A navy ship sat along the Port of Gulfport's east pier. Port director Don Allee pointed to that berth, and said it was where the Carnival Conquest may dock.
Allee has spent the last few weeks preparing the port for the possibility that Carnival's largest cruise ship may leave New Orleans and sail out of the Port of Gulfport. Allee said the port was doing everything it could to accommodate Carnival's request because, "That's the business we're in. If they call, I'm prepared."
It was Carnival's president who told WLOX News last week that if the Conquest had to move, the cruise line considered Gulfport "plan B". In New Orleans this week, radio listeners joked that Mississippi should change its state bird to the vulture, because the state was trying to devour Big Easy tourism. "That's humorous that they would think that we are somehow trying to cannibalize them," said Allee. "But that's not what we're doing."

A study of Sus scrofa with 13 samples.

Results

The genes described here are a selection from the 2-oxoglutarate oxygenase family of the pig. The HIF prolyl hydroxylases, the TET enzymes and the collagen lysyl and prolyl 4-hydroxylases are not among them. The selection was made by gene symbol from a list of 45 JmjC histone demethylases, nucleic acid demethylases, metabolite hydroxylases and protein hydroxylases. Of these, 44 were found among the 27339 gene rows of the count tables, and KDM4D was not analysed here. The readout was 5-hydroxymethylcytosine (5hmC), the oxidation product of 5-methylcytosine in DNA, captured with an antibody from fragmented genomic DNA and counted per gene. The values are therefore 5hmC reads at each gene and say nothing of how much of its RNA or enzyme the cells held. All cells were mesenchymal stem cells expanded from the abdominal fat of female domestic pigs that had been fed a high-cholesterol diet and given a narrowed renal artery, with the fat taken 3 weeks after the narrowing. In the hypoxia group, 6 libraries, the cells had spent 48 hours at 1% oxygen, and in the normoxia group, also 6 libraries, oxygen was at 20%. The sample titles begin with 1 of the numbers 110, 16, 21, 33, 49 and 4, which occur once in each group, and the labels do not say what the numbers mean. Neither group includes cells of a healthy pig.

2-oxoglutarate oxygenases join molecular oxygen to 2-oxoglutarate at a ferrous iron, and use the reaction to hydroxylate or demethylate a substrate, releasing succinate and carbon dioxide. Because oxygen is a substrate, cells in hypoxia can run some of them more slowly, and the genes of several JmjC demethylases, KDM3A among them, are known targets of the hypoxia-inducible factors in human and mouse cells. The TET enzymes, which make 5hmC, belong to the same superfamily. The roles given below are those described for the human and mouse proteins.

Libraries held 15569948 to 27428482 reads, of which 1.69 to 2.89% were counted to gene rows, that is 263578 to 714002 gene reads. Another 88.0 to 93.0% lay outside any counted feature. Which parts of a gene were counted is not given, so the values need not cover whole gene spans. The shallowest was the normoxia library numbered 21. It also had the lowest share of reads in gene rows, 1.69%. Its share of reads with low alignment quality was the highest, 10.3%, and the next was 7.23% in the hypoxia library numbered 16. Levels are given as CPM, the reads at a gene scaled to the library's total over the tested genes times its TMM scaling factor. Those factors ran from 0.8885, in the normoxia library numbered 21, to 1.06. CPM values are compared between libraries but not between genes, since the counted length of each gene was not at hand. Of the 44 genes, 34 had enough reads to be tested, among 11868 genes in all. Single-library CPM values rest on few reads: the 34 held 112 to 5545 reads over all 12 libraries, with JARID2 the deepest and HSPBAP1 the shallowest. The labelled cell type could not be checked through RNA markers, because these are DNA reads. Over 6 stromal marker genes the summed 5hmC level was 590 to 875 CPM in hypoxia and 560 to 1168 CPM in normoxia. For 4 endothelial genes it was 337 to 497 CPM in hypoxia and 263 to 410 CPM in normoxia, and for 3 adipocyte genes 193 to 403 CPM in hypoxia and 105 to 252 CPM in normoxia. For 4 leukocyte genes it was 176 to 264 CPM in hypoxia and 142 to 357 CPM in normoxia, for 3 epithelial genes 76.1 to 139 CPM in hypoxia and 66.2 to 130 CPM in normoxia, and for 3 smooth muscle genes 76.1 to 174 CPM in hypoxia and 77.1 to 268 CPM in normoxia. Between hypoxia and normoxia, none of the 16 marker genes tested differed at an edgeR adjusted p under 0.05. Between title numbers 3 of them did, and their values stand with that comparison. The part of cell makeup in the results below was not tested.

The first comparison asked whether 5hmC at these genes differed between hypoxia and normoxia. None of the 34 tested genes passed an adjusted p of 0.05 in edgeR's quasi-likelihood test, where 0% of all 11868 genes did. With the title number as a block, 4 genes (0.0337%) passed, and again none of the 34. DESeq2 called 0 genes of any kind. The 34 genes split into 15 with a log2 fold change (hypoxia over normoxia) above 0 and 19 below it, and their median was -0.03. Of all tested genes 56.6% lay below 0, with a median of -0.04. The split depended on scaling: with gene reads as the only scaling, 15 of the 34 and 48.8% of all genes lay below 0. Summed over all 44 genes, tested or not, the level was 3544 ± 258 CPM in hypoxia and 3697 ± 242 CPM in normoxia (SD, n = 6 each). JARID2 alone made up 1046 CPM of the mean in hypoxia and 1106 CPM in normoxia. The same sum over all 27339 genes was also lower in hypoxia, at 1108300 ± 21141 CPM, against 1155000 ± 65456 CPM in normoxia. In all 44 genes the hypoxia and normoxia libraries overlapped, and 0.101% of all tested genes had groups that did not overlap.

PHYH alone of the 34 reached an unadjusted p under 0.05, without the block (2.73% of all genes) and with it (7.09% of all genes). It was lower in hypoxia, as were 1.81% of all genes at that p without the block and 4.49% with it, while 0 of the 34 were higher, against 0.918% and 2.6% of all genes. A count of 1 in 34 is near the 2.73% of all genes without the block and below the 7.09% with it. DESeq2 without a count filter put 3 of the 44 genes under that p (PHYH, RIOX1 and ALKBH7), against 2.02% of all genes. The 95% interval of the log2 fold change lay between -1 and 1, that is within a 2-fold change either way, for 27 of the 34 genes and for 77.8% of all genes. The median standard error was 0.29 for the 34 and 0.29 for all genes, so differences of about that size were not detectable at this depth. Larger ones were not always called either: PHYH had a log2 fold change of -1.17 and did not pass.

If Carnival ever moved its massive ship out of New Orleans, up to 3,000 passengers a week would need a ride to Gulfport. That's where Erroll Hotard and his fleet of buses enter the picture.
Hotard was told his buses may only get 48 hours notice from the cruise line. "This is definitely not the way we had planned on doing it, without being able to set up systems," Hotard said. "But moving people is what we do. And I think we can take care of that."
Whether the passenger ship leaves New Orleans depends on how fast crews can raise the low hanging power line over the Mississippi River.
The Carnival Conquest's first seven day cruise out of New Orleans is December 1, 2002. Right now, the ship can sail around the low hanging power line. But when the Mississippi River rises this winter, that becomes impossible. That's why Carnival executives said they're taking a long look at the Port of Gulfport.